Sodium bicarbonate can reprogram T cells in leukemia patients

Scientists have discovered that sodium bicarbonate - also known as baking soda or bicarbonate of soda - can reprogram T cells in leukemia patients to resist the immune-suppressing effects of cancer cells, which can drive leukemia relapse after stem cell transplants.

The work clarifies why patients frequently relapse after transplant and lay the foundation to test sodium bicarbonate as a safe and simple therapy to reduce relapse rates and improve treatment outcomes.

Allogeneic hematopoietic cell transplantation is a form of stem cell transplant that can sometimes cure people with blood cancers such as acute myeloid leukemia (AML). However, complete response rates can be as low as 17% after 100 days, largely because leukemia will frequently return.

There is a pressing need for methods that can boost the anticancer effects of stem cell transplants, but researchers haven't fully understood why donated T cells often fail to finish off tumors.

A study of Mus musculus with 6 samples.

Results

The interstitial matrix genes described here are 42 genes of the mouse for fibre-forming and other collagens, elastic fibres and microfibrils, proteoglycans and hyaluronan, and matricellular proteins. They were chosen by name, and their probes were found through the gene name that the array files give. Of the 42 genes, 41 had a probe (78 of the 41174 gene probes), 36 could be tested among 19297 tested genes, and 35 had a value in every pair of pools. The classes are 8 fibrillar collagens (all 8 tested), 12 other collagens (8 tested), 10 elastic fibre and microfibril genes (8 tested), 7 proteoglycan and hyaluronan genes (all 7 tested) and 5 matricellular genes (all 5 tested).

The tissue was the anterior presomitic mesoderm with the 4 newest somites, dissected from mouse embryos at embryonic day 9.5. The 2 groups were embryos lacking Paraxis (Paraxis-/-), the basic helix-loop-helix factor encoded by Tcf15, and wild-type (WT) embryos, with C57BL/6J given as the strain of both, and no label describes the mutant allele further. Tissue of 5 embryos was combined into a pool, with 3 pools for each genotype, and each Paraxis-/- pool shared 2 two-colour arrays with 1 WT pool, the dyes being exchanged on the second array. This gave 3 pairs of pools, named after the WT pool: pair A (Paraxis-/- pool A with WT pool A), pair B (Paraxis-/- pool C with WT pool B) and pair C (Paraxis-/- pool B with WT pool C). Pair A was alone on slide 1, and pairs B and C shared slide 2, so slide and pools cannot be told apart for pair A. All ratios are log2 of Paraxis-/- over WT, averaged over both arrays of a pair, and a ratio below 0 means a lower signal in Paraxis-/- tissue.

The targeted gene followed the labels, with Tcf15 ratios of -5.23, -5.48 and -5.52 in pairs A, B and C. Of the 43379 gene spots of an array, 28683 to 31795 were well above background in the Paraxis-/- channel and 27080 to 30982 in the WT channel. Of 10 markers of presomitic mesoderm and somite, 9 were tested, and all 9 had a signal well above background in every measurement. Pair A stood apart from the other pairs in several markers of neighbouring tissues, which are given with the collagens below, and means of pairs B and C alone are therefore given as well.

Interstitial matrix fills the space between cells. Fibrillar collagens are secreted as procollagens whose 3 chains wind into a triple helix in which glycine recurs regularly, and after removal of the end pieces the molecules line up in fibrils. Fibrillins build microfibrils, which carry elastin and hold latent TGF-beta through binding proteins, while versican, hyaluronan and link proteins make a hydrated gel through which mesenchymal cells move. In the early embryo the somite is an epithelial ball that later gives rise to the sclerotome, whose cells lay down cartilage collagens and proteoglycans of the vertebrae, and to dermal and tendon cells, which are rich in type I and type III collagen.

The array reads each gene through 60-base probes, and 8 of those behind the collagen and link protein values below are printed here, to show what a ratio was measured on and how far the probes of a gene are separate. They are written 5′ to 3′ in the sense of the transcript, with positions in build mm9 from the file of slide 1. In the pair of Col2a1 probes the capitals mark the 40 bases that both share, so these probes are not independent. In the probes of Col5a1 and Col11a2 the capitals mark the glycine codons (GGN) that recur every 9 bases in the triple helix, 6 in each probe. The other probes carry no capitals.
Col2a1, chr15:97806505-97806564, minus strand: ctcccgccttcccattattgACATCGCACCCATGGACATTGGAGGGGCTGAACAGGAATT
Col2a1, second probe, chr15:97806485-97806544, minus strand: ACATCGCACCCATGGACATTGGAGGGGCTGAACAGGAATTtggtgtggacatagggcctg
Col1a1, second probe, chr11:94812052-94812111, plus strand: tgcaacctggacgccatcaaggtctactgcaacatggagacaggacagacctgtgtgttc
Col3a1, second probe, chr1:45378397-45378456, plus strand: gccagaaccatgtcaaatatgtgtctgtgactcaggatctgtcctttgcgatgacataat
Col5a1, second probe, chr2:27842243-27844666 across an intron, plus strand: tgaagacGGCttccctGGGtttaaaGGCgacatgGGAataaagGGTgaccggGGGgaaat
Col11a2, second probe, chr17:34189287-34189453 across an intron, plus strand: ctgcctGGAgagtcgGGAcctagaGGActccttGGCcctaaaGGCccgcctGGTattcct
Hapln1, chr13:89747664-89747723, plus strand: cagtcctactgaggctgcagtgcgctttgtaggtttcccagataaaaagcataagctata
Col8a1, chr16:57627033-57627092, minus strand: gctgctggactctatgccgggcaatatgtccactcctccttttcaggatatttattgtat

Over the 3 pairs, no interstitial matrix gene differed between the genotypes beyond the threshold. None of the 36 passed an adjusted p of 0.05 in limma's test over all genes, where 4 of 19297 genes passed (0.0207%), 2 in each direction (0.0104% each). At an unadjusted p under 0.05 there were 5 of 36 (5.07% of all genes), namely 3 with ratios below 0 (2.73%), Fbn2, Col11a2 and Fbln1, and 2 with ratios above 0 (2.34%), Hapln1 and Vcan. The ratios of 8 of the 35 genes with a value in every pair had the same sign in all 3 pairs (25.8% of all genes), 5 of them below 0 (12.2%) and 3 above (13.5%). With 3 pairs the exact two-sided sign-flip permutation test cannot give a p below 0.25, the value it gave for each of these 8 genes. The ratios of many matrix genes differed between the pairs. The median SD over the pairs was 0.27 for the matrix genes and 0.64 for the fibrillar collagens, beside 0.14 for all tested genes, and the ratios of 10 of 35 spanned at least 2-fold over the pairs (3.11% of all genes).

By studying mouse models of leukemia and T cells from patients before and after transplantation, Franziska Uhl and colleagues found that AML cells suppressed the metabolic activities and the spread of donated T cells by secreting lactic acid, which acidified the cellular environment and interfered with glucose metabolism.

Searching for therapies, the team turned to the antacid sodium bicarbonate and found that a clinical formulation named bicaNorm reversed these suppressive effects on T cells in 10 transplant recipients with relapsed AML.

The authors call for trials with larger groups of patients to better determine the long-term benefits of sodium bicarbonate for recipients of stem cell transplants.

Journal reference:

Uhl, F. M., et al. (2020) Metabolic reprogramming of donor T cells enhances graft-versus-leukemia effects in mice and humans. Science Translational Medicine.